As the last weekly Robin described, in 1987 Max Allan Collins turned Jason Todd into a new kind of Robin, offering new storytelling possibilities. He explored Jason’s criminal background, rashness, and anger for a handful of issues, and then left the Batman magazine.
Meanwhile, at Detective Comics Mike W. Barr was writing a very traditional and fun set of Batman and Robin adventures. Alan Davis drew many of those stories, depicting Jason as a cute, spindly-legged kid in his early teens. (Greg Burgas has profiled the Barr/Davis run of Detective for Comic Book Resources.)
This run of issues straddles the period when Collins introduced Jason’s new origin, but Detective made almost no reference to the boy’s now-troubled past. Instead, Barr’s Robin acts very much like Dick Grayson from the 1940s through the 1960s, fulfilling the usual reasons for the character:
- giving Batman someone to talk to and not talk to.
- expressing emotions.
- offering comic relief.
- slipping and falling.
- boy hostage!
Barr’s last story gave Jason another encounter with Two-Face, who killed his father. To his surprise, Jason discovers he can pity the villain. Those two issues, illustrated by Jim Baikie, depict Jason in his late teens, and in addition to growing up physically he’s clearly grown up emotionally.
However, over at the Batman magazine new scripter Jim Starlin moved in the opposite direction, going deeper into the dark side of Jason Todd that Collins had established. Starlin worked mainly with artist Jim Aparo, who had already illustrated many Batman stories in The Brave and the Bold and Batman and the Outsiders.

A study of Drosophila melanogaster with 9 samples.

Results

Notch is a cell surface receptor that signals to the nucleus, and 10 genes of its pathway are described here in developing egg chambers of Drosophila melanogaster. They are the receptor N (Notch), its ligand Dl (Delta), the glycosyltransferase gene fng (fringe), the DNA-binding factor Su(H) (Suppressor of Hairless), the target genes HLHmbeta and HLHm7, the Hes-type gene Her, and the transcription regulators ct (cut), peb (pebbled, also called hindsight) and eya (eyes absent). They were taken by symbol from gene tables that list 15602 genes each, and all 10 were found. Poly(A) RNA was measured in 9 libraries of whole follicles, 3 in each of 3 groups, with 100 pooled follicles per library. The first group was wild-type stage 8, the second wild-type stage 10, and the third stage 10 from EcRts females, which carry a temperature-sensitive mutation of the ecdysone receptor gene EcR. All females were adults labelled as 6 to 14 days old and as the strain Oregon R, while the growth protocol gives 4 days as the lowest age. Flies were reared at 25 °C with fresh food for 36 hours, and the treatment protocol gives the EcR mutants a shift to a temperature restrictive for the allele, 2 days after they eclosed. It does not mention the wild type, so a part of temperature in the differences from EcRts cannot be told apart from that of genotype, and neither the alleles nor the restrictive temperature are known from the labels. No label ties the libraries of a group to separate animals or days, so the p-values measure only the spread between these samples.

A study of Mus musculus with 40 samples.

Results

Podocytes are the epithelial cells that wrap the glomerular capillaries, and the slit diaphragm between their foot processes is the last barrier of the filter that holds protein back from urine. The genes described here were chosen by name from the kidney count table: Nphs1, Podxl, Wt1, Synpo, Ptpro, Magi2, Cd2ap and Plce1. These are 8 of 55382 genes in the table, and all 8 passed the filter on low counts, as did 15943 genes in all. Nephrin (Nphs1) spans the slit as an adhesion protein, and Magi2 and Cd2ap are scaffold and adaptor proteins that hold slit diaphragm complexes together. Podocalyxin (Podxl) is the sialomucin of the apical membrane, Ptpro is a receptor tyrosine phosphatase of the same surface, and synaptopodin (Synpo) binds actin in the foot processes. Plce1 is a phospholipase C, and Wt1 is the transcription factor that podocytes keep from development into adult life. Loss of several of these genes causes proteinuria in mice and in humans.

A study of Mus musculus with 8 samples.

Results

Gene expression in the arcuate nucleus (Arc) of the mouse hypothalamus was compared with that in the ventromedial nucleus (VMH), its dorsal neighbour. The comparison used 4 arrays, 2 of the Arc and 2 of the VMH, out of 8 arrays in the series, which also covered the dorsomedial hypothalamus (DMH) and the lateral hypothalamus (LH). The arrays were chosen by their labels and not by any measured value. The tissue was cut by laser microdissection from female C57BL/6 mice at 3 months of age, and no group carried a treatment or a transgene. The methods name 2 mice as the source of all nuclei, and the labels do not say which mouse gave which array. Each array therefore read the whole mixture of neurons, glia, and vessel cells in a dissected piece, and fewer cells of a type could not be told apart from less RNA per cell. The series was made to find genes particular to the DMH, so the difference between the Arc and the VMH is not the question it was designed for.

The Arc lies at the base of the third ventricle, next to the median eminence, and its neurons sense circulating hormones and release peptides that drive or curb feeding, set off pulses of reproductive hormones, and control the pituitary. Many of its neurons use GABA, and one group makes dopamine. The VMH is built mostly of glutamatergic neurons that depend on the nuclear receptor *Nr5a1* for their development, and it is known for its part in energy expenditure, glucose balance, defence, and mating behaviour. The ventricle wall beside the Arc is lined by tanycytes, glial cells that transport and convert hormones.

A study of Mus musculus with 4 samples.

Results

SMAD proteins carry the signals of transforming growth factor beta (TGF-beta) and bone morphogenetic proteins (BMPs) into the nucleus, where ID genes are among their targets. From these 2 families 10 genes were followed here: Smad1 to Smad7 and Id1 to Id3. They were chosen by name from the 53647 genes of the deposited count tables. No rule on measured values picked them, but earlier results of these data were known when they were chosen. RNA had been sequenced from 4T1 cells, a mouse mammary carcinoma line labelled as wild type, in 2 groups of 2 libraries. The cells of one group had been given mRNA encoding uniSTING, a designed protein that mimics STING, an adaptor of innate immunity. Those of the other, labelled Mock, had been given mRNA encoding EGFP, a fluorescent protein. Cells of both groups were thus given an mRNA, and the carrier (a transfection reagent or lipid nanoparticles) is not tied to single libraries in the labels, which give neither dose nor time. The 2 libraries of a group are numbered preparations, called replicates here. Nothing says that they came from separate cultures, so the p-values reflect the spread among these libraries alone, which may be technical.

In a 2001 interview, Starlin declared that the character of Robin simply didn’t make sense: “The idea of taking a kid along to fight crime is ludicrous.” Barr had probed that very topic, but for Starlin the remedy was more drastic: “I wanted to kill off Robin as soon as I started writing Batman.” At least that’s what he said over a decade after that fact.
Back in late 1987 Starlin’s built stories around conflicts between Jason and established characters. In issue #416, he brought Dick Grayson back to Gotham to meet the new Robin, and to confront Bruce Wayne over their break-up. The result was an emotion-packed issue, worthy of reprinting. In the end Dick praises Jason’s potential. But for a lot of readers that tale probably turned them against Jason Todd.
Because it’s one thing to show Jason sassing Batman, acting cocky, or roughing up criminals. It’s quite another to show Jason disrespecting Nightwing—the leader of DC Comics’s most popular team, the character readers had grown up alongside, the one hero who’s most assuredly not evil. Jason was in serious trouble.
This recent panel from The Black Cat captures the character of Jason Todd by late 1987, tugged between competing portrayals.
COMING UP: Jason goes to the dark side?